Miami Film Festival apologizes for snafu over controversial immigration film

The Miami Film Festival apologized Wednesday for withdrawing its support Tuesday night of the controversial film, “The Infiltrators,” which exposes the unjust conditions under which immigrants were held at a Broward detention center during the Obama administration.

The documentary was set to premiere at the festival Tuesday night, the first of two showings, at the Silverspot Cinema downtown. But the night of the show, the festival suddenly refused to introduce the film and moderate its Q&A afterward.

Traditionally, film festivals introduce filmmakers, who then introduce their own work before the film starts, and then moderate a panel discussion after the film. The festival now says it was all a misunderstanding.

Less than an hour before “The Infiltrators” was set to start at 9:15 p.m. Tuesday, a junior festival representative came up to the filmmakers and told them the news.

According to Darren Dean, one of the producers for “The Infiltrators,” the representative said the festival “recused” itself and claimed it did not want to “appear to be taking a side” on the issue or “to take a political stance.”

After the showing Tuesday, Dean shared what happened on his social media accounts

“Silence IS a political act — perhaps the most dangerous one,” he tweeted and posted on Facebook.

“I was really upset,” said 53-year-old Dean, who’s been in the business for about 12 years. “We were caught off guard. We were left to our own devices. I’ve never experienced anything like that in my life.”

The documentary, which premiered at the Sundance Film Festival in Utah in early February, is about a “group of undocumented youth — Dreamers — deliberately detained by Border Patrol in order to infiltrate a shadowy, for-profit detention center.”

The documentary focuses on the Broward Transitional Center in Pompano Beach. The center, a for-profit facility, serves as a holding space for impending deportations of immigrants who came into the country illegally.

Claudio Rojas, the film’s inside source and an Argentine immigrant himself, leaked to the filmmakers the inner workings of the center. Rep. Ted Deutch, a Democrat who represents parts of Broward and Palm Beach counties, called for the center to be investigated in 2012.

Rojas, 53, was arrested last Wednesday by U.S. Immigration and Customs Enforcement in Miramar during his annual visa check-in, records show. He is now awaiting deportation; he has lived in Miramar with his family. Critics say he was arrested in retaliation for his work on the film.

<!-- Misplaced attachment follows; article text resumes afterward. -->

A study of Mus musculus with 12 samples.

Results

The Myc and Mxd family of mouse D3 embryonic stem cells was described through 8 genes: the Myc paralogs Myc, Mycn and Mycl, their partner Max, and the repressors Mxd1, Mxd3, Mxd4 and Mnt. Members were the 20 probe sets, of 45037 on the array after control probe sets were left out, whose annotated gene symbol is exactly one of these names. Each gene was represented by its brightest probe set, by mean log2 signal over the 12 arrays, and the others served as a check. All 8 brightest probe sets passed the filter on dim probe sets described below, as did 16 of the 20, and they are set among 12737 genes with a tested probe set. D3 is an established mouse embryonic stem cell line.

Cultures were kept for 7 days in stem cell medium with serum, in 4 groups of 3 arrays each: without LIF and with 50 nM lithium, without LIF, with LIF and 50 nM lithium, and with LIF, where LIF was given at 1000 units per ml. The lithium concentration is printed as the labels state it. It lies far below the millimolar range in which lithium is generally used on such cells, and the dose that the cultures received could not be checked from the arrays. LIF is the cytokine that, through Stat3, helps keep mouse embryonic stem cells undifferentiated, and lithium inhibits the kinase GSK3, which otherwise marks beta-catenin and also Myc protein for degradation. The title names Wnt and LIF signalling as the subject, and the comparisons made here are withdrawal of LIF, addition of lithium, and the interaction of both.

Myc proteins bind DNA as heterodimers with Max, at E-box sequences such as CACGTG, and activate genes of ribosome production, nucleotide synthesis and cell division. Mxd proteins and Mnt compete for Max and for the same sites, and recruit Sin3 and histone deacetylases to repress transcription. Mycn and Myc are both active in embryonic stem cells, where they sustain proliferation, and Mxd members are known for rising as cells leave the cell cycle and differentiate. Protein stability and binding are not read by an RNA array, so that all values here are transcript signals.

ICE has not commented about the case.

“The Infiltrators” crew was looking forward to talking about Rojas at such a critical time in his case, Dean said.

Ali Codina, a filmmaker who was supposed to be the panel’s moderator, was “horrified” when the festival representative told her she could no longer lead the Q&A, Dean said.

Dean ended up moderating the Tuesday discussion himself, after giving a short statement about how the festival had refused to be involved with the showing. He said the audience was “unhappy” with the festival’s actions.

As soon as the Tuesday showing ended, the Miami Film Festival’s director, Jaie Laplante, apologized to the directors and producers in person. The festival also issued an official statement apologizing to viewers on its Facebook page.

Laplante said the incident began Tuesday night when “The Infiltrators” crew asked the festival’s organizers if a representative of Rep. Debbie Mucarsel-Powell, D-Miami, could speak at the showing beforehand. The festival denied the request.

“We plan this festival for an entire year,” said Laplante, who’s a Canadian-American actor, screenwriter and curator. “Running these festivals is a huge undertaking with many moving parts carefully choreographed. We don’t take last-minute requests.”

From there, the festival representative, who was not identified, took that to mean there would be no introduction by the festival before the film, and no panel discussion after the film.

Laplante said the staffer was new to the festival.

“There was never any intention of stepping away from the film,” Laplante said. “If that would’ve been the case, we would’ve probably pulled it instead of showing it. It was a complete misunderstanding, a very unfortunate one.”

Dean said he supports the Miami Film Festival and appreciates Laplante’s apology. But he does’t believe the decision to pull the panel was due to Mucarsel-Powell’s request.

He said someone connected to the festival probably “got afraid of the backlash” or afraid the public would not receive the dialogue well.

“I don’t blame the employees or film festival representatives; they’re just trying to do their jobs,” Dean said. “We’re still trying to find that person or why they chose at this most critical time to not allow the film festival to participate in our dialogue.”

Laplante said he will moderate the second showing of the film Wednesday night.

“We are trying to set it right,” LaPlante said. “We absolutely stand behind this film. It addresses troubling things, and we want to give it a platform.”